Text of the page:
Thursday, April 07, 2011

How much would you pay for government transparency?

After a fanfare opening around two years ago, the US government's proposed budget cuts may force and seven other Gov 2.0 and data sharing websites to close down or dramatically curtail their activities.

When first launched was the first national website for providing centralised access to government data in reusable formats.

The website was lauded globally for its role in supporting the US government to become more transparent, and allow citizens to analyse and repurpose public data.

However in March the first rumblings appeared. Apparently the site's visitor levels had plateaued, and Congressional budget cuts threatened the ongoing survival of the website as well as a range of others including,, IT Dashboard and (as well as a number of internal government sites including and FedSpace) dedicated to making government policies, processes and information more accessible to citizens.

When I first read about the closures in ReadWriteWeb's article, & 7 Other Sites to Shut Down After Budgets Cut on 31 March, my first thought was that this was a clever April Fools prank designed to wind up open government advocates.

This was followed by the GovFresh post on 1 April, Congress weighs deep cuts to funding for federal open government data platforms and assorted coverage across a range of government IT and news websites.

However over the last week it has become clear that this is a legitimate issue, due to budget cuts the US Congress is proposing.

In response the Sunlight Foundation has launched a campaign to Save the data and a range of influential open government advocates have weighed in, such as Tom Steinberg, the founder of the MySociety charity in the UK who is now working in the UK Cabinet Office to support the UK Government's open data initiatives.

Apparently the collective cost of all the websites is around US$32 million (just over a dollar a year per US citizen) - representing 0.09% of the US budget and only 7.7% of the US government's Freedom of Information Act costs. Some commentators have pointed out that other methods of releasing government data are far more expensive and less inclusive or effective.

With parts of the Government 2.0 program (particularly the IT Dashboard and TechStat process) credited with saving the US Government billions in IT costs, the cuts of US transparency initiatives may cost the US enormously.

The proposed cuts raise several very important questions.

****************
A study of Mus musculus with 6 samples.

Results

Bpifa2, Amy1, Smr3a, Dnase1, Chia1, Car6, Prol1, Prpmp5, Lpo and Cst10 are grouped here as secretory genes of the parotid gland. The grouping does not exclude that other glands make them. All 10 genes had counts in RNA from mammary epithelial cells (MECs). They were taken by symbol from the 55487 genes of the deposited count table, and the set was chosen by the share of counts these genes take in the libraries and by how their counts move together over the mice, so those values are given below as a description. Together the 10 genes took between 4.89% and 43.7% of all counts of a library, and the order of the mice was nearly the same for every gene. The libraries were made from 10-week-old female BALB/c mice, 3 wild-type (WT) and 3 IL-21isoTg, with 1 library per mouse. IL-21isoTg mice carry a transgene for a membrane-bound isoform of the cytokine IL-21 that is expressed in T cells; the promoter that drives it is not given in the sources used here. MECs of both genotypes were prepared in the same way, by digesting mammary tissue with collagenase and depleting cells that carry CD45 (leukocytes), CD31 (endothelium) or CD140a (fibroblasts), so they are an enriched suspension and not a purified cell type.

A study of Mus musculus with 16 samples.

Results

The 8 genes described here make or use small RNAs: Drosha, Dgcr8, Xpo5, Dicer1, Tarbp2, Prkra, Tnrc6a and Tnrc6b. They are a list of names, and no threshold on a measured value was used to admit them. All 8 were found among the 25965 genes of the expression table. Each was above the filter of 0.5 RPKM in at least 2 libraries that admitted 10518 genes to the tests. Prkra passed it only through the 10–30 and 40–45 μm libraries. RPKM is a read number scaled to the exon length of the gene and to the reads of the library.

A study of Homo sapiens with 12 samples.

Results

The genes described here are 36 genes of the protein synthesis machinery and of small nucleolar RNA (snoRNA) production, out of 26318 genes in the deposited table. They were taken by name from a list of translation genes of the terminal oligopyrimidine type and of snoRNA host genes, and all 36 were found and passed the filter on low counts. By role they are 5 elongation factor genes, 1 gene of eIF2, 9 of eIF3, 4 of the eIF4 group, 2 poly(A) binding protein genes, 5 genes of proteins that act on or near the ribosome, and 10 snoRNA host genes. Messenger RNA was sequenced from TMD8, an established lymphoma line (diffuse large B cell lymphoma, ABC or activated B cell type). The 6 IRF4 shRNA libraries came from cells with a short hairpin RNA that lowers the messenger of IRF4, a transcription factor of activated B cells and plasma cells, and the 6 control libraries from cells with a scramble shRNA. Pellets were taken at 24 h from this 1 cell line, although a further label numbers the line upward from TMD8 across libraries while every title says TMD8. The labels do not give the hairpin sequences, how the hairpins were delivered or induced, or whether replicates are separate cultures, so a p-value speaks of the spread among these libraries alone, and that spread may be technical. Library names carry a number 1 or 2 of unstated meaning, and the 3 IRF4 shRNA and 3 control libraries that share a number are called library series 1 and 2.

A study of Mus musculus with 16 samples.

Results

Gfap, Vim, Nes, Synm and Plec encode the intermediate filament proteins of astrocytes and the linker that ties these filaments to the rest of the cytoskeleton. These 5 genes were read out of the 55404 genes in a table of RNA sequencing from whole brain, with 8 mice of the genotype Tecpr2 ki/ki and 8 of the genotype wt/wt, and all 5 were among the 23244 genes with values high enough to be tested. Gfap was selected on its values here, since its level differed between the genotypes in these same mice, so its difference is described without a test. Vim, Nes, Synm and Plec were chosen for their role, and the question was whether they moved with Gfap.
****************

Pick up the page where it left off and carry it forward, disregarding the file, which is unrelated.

How much are nations - and citizens - prepared to pay for government transparency?
And how much transparency are we prepared to trade off for short-term tax saving?

How should the value of transparency be measured?
By the number of people accessing government data, or by the flow-through impact on harder to measure government cost savings and economic benefits?

How can transparency become embedded in government for the long-term?
Particularly when it may be elements of the political or administrative system who wish to constrain transparency for various legitimate, or otherwise, reasons.

It will be a fascinating, and perhaps deeply troubling, process to see how the US answers these questions - and how Australia answers them as well.


  1. Asking what I would pay for transparency is pretty much pointless, transparency in itself does not cost anything; your real question is what I would pay for the tools and processes to support transparency.

    Rather than railing on government to "do the right thing", as many of these lobby groups seem to do, shouldn't we be coming up with well-reasoned and researched ideas that will help them do exactly that at minimal cost?

  2. Should governments need reasons to be transparent?

    Councils don't need to research the reasons for why they should provide garbage disposal, or state governments running water or electricity - they are fundamental services required to support a modern state.

    Doesn't government transparency support a modern democracy? It is a requirement of democracy.

    So why is the burden of proof on citizens to provide 'well-reasoned and researched ideas' to help government be transparent.

  3. While I agree with Craig's sentiment I think the example was off the mark. I think we all agree that we need these services. The transparency comes in providing previously hidden information, eg cost to provide these services. The MySchool website is a perfect example of transparency of information.

    As followers of web 2 and gov 2 would know, the value is not just in providing the data (which is valuable as it stands), but it is in the mashing up of that data with other data to provide powerful applications that would not be possible if the data wasn't available to start with.

    Transparency of government information should become a bau activty, just like publishing Annual Reports, not something we need a workflow to decide whether we should or not.

    I hope the US gov maintains these websites. The $32M spent to maintain them seems trivial for the public good they provide.